BCP goes into synbio for fuels, farms
Talks with research houses underway
Energy firm Bangchak Corporation (BCP) is entering the synthetic biology business to tap into the fast-growing industry.
Synthetic biology (synbio) allows scientists to redesign organisms for useful purposes through genetic engineering. Synbio researchers and companies around the world are harnessing the power of nature to solve problems in medicine, manufacturing and agriculture.
On Thursday, the company announced the move at its annual seminar titled "Synthetic Biology: World Changing Science", where microorganism research houses across the world discussed design production processes for existing agricultural products in Thailand.
BCP chief executive and president Chaiwat Kovavisarach said the company has made fundamental steps in these areas for more than a decade through subsidiary BBGI by producing ethanol and biodiesel.
He said the company needs better technology and innovations for its synbio operation.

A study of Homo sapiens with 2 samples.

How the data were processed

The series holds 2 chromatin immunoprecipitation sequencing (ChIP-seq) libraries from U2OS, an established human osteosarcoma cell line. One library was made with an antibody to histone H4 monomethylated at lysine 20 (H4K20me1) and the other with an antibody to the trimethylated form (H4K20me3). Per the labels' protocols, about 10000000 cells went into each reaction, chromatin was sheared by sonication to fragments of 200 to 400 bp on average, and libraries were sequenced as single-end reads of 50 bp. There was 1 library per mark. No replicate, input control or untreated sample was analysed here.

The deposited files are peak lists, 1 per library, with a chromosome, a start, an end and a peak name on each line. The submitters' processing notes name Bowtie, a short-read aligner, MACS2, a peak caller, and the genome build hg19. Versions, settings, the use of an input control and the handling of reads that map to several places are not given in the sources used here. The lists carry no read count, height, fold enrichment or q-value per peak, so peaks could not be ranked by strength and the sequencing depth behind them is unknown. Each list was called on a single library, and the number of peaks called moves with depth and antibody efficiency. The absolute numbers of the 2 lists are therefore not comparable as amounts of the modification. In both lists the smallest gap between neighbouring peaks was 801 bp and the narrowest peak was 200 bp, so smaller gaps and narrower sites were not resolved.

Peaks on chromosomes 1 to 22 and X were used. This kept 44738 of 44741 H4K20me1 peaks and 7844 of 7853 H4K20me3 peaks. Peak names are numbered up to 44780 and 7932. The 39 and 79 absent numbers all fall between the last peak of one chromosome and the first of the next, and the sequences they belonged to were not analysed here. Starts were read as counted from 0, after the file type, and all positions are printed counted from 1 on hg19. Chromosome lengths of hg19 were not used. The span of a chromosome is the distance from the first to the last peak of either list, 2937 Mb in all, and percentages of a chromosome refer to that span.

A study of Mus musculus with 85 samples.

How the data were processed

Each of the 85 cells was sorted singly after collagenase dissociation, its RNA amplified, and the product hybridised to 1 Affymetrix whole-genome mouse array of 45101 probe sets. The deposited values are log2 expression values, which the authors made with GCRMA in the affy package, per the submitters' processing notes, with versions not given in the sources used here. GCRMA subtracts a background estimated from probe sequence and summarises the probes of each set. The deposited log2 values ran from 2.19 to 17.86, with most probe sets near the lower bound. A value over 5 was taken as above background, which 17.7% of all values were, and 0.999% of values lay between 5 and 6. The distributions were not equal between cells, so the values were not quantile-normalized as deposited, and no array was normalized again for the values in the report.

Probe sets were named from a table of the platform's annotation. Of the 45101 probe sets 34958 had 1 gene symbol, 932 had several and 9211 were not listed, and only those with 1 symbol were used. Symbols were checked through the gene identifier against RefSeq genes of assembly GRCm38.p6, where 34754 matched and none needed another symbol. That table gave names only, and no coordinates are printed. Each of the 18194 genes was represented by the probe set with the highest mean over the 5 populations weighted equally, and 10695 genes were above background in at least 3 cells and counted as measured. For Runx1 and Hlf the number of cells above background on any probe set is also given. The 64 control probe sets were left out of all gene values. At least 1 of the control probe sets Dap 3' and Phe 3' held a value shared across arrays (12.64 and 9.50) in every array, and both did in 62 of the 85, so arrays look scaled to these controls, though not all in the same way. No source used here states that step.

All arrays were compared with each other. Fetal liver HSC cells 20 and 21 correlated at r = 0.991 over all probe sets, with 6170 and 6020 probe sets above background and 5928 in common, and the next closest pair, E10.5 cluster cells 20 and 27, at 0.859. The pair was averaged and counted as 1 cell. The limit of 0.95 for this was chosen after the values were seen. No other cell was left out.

Mr Chaiwat said the company has talked with a few research houses on cooperation in the synbio business and expects a deal to be made early next year.
The synbio production facility is expected to use agricultural feedstock from rice, cassava, sugar cane, rubber and palm oil.
Mr Chaiwat said the finished synbio product would be raw material for cosmetics, biodegradable plastic, pharmaceuticals and food.
The location of production facility and details of the plant will be announced next year and construction will take 2-3 years, he said.
BCP plans to invest in this sector through BBGI, which is also preparing to list on the Stock Exchange of Thailand next year, said Mr Chaiwat.
BBGI entered the biofuel business in 2008 with ethanol and biodiesel production, using sugar, cassava and palm oil as raw materials.
He said synbio products have a much higher price than commodity-grade agricultural products, and represents a large global trend in the US, EU and Japan.
An example of a hugely popular synbio product is from startup Impossible Burger, which makes a synthetic meat product. The company is valued at US$2 billion (60.7 billion baht).
The majority of the company's shares are state-owned.
Mr Chaiwat said to make synbio applications of greater benefit to Thailand, the government should take measures to grow domestic demand such as banning single-use plastics to grow interest in biodegradable plastic.